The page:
The industrial IoT (IIoT) has already proved a graveyard for some start-ups, unable to find a clear focus amid all the competing platforms, devices, standards and formats. Litmus Automation, founded in August 2013 in the San Francisco bay area, appears to have cleared the major first hurdles by finding relevant partners that can help open up the market, as well as some prestigious customers.

It has done this by focusing on the unglamorous area of support for legacy devices and protocols, describing itself as a brownfield specialist aiming to help factories and plants manage and collect data from legacy equipment. The firm’s co-founder and COO (Chief Operations Officer) John Younes likened this to having a universal remote that a manufacturer or process control operation can point at say a Rockwell or Siemens device and get going right away.

This in turn is attractive to remote locations such as oil rigs that have poor Internet connectivity and so cannot hoist data up to the cloud for storage, processing and analysis. “They often need to make decisions in that data right away at the local level because cloud connectivity is not feasible at that point,” said Younes.

The firm, which has raised $3.7 million in funding so far, has two complementary platforms. One is Loop Edge, a gateway providing IIoT device connectivity, as well as security and management, with the ability to perform a level of local analysis if required, as at remote locations. But this can feed data to the cloud after pre-processing and filtering at the Edge, where the Loop Platform comes in by providing long term storage and full data management, as well as ability to perform deeper analysis and push data out further to third parties.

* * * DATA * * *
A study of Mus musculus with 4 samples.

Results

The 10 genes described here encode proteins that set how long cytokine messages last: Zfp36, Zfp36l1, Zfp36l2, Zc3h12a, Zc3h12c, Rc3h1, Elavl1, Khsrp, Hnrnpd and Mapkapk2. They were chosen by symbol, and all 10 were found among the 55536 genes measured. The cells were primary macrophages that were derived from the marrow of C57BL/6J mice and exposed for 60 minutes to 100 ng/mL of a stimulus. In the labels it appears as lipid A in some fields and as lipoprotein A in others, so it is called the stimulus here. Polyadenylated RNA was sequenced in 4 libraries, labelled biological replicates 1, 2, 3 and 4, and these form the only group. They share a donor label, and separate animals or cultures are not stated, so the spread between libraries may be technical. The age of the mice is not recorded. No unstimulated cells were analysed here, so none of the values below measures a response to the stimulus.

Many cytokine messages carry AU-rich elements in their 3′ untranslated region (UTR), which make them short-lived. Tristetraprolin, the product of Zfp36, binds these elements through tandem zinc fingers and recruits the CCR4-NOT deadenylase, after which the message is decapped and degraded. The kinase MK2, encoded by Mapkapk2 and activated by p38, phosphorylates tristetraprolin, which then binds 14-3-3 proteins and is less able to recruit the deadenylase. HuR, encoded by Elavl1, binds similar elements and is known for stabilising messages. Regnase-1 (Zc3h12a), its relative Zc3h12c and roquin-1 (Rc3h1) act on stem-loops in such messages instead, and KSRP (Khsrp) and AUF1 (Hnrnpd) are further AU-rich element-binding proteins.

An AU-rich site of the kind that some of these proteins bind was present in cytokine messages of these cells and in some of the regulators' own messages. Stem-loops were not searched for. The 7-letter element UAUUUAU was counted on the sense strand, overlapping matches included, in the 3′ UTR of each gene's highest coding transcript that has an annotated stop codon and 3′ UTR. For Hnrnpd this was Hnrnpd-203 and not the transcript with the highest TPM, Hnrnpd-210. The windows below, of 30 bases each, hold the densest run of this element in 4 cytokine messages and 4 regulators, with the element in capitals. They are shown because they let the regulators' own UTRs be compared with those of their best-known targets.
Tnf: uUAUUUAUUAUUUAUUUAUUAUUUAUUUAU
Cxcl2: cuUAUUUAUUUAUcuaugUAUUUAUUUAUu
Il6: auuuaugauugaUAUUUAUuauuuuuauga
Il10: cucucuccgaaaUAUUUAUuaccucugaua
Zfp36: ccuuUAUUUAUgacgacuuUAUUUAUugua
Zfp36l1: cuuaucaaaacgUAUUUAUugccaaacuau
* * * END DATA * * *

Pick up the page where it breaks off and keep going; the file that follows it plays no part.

The company has developed the concept of an Edge Computer App Store, incorporating event processing tools and machine learning engines that can perform local analysis quickly, with the longer-term objective of evolving into a solutions marketplace for IIoT edge computing.

The success of that objective will depend on whether Litmus Automation can continue to gain traction with major systems integrators and distributors. A key move was becoming a partner of Hewlett Packard Enterprise (HPE) in April 2017, resulting in certification for the LoopEdge gateway software running on the HPE Edgeline IoT Gateways. This allowed customers to purchase an HPE Edgeline IoT Gateway and run Litmus LoopEdge immediately out of the box to enable IIoT applications.

Another key move came more recently in August 2018 when Litmus Automation announced a distribution and implementation partnership with Fujisoft, a $1.6 billion enterprise and industrial software developer based in Yokohama, Japan. This will help exploit the lucrative and large Japanese market for industrial automation, but the first key step on that front had already been taken by winning Nissan as a customer. Nissan’s Global Manager IS Connected Services Koji Kamimura had credited Litmus as a major partner helping to develop and establish IoT use cases quickly both in the connected car realm and in manufacture.

This is certainly the year Litmus Automation has come onto the radar screen in IIoT, having begun it in January 2018 by being named Emerging Company of the Year for the Enterprise Market by the IoT Breakthrough Awards.